The great thing about supporting local bookshops is that you discover hidden gems right on your doorstep. Yesterday I visited the smallest village bookstore in the UK as part of my ‘One Book a Month’ campaign.
Hayling Island Bookshop is just a few minutes’ drive along the coast from me but I’d never come across it before – a fact that I was kicking myself for yesterday as it may be compact and bijou, but it’s also one of the biggest Literary Event organisers in the South of England!
Check out the list of authors they have run signing events for:
• Sir David Attenborough
• Terry Pratchett
• Jacqueline Wilson
• Kate Mosse
• Derek Landy
• Anthony Horowitz
• Sir Patrick Moore
• Katherine Bassford
OK, the last name on the list is just wishful thinking. I sneaked my name on there as a sign of things to come (when I write my next books). For now, they are kindly stocking copies of Oh Sugar! Here’s the evidence:
You can just see Colin in the background on the right. He runs the shop with his wife Marie, who is a member of the Advisory Panel for the Independent Booksellers Forum. She and Colin regularly meet with other booksellers to share their thoughts on how to keep small bookshops alive and well in the UK. Hurrah – I couldn’t have picked a more fitting place for my second ‘One Book a Month’ purchase!
So… which book to buy? This was trickier than I thought. Hayling Island Bookshop is small but it stocks an impressive range of titles. In the end my book-detecting radar zoomed in on Wild by Cheryl Strayed. I love true stories and this one sounds heartbreaking but inspirational:
At twenty-six, Cheryl Strayed thought she had lost everything. In the wake of her mother’s rapid death from cancer, her family disbanded and her marriage crumbled. With nothing to lose, she made the most impulsive decision of her life: to walk eleven-hundred miles of the west coast of America and to do it alone. She had no experience of long-distance hiking and the journey was nothing more than a line on a map. But it held a promise – a promise of piecing together a life that lay shattered at her feet…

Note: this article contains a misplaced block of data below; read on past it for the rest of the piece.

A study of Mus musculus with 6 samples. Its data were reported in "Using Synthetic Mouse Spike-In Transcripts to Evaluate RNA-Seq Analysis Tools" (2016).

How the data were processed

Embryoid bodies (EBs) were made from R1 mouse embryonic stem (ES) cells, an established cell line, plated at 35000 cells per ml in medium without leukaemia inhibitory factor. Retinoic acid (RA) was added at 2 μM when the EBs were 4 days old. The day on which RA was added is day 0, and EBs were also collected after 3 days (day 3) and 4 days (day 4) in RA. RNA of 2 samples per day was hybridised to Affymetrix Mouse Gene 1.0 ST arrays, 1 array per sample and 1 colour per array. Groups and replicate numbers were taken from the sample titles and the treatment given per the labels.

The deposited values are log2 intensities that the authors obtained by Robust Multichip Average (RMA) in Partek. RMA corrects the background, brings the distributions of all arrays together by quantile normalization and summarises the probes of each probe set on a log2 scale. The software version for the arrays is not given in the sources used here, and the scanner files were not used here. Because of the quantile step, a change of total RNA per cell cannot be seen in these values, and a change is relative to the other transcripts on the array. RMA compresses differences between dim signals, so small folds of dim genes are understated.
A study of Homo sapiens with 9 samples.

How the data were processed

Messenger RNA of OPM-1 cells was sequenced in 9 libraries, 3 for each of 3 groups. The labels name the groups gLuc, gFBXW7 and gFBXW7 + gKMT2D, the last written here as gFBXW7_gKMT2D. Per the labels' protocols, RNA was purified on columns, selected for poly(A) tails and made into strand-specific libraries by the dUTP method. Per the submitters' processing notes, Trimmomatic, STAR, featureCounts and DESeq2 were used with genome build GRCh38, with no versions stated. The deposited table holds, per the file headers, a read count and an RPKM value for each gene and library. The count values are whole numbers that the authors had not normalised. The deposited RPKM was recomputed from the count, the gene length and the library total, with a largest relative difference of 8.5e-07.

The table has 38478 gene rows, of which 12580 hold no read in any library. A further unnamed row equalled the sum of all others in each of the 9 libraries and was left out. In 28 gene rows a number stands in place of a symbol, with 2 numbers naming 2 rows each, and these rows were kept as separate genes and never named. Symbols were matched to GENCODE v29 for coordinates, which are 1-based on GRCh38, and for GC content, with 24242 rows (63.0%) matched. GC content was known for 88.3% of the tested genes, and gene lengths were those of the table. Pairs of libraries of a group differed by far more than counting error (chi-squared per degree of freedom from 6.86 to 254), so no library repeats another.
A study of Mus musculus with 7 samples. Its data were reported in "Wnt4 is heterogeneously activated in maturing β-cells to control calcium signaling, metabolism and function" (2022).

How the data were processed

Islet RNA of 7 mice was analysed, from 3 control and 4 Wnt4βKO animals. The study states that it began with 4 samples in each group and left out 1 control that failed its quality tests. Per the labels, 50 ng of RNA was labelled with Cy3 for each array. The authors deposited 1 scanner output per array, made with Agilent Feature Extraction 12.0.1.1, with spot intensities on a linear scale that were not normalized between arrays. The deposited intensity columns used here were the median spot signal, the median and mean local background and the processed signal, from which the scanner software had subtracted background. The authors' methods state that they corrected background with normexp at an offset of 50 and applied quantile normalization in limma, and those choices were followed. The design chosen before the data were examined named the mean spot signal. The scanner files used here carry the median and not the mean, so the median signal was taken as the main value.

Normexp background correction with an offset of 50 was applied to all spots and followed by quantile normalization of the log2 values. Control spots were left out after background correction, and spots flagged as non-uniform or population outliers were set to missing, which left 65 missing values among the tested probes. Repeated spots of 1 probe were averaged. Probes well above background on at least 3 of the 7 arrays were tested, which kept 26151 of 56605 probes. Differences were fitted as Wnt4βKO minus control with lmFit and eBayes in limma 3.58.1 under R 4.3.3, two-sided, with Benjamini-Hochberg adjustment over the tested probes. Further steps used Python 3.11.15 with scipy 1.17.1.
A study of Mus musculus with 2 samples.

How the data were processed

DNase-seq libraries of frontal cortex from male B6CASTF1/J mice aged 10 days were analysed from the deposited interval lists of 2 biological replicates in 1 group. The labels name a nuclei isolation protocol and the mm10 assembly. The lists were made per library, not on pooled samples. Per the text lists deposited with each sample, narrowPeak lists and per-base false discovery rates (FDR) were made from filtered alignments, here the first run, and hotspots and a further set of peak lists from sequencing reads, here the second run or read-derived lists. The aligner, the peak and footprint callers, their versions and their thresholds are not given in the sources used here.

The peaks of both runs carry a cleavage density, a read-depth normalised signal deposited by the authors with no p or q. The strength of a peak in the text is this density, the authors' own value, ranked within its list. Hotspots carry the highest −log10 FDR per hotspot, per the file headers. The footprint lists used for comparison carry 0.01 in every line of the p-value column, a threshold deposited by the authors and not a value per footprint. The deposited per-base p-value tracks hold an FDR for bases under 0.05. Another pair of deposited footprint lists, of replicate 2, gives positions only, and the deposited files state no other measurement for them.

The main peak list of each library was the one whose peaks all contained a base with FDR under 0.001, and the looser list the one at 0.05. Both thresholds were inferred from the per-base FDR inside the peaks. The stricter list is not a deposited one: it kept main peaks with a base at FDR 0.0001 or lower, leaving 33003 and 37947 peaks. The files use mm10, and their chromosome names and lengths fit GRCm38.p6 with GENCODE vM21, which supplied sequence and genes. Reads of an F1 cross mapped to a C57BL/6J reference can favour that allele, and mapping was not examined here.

The Sunday Times said the book is ‘epic and moving’ and the Scotsman said, ‘It’s not very manly, the topic of weeping while reading… Wild pretty much obliterated me.’
Duly warned, I have my tissues at the ready…
Hmm… I have mixed feelings about The Crane Wife. I absolutely loved Patrick’s Chaos Walking Trilogy so I had high hopes for this book. It started magically with George discovering an injured great white crane in his back garden one moonlit night. He saves the crane and the next day he meets a strange lady called Kumiko who he starts to date. Up to this point, the writing is beautiful and serene. But George has a daughter (Amanda) and the second the book switches to telling her story, the tone changes and the magic disappears. Dammit!
So I found myself torn in two. The book was quirky and beautiful in places. But other sections felt clumpy and plain weird – like the Japanese fairy tale interspersed throughout the story, which involved lots of clouds and erupting volcanoes. I didn’t have a clue what was going on and I found myself skipping these pages so that I could get back to George again. Possibly I was being a bit thick (it happens) but I found it all quite bewildering.
In a nutshell: I love Patrick Ness’s books. But I only loved this one in certain places (ones that didn’t involve clouds, volcanoes and irritating women called Amanda).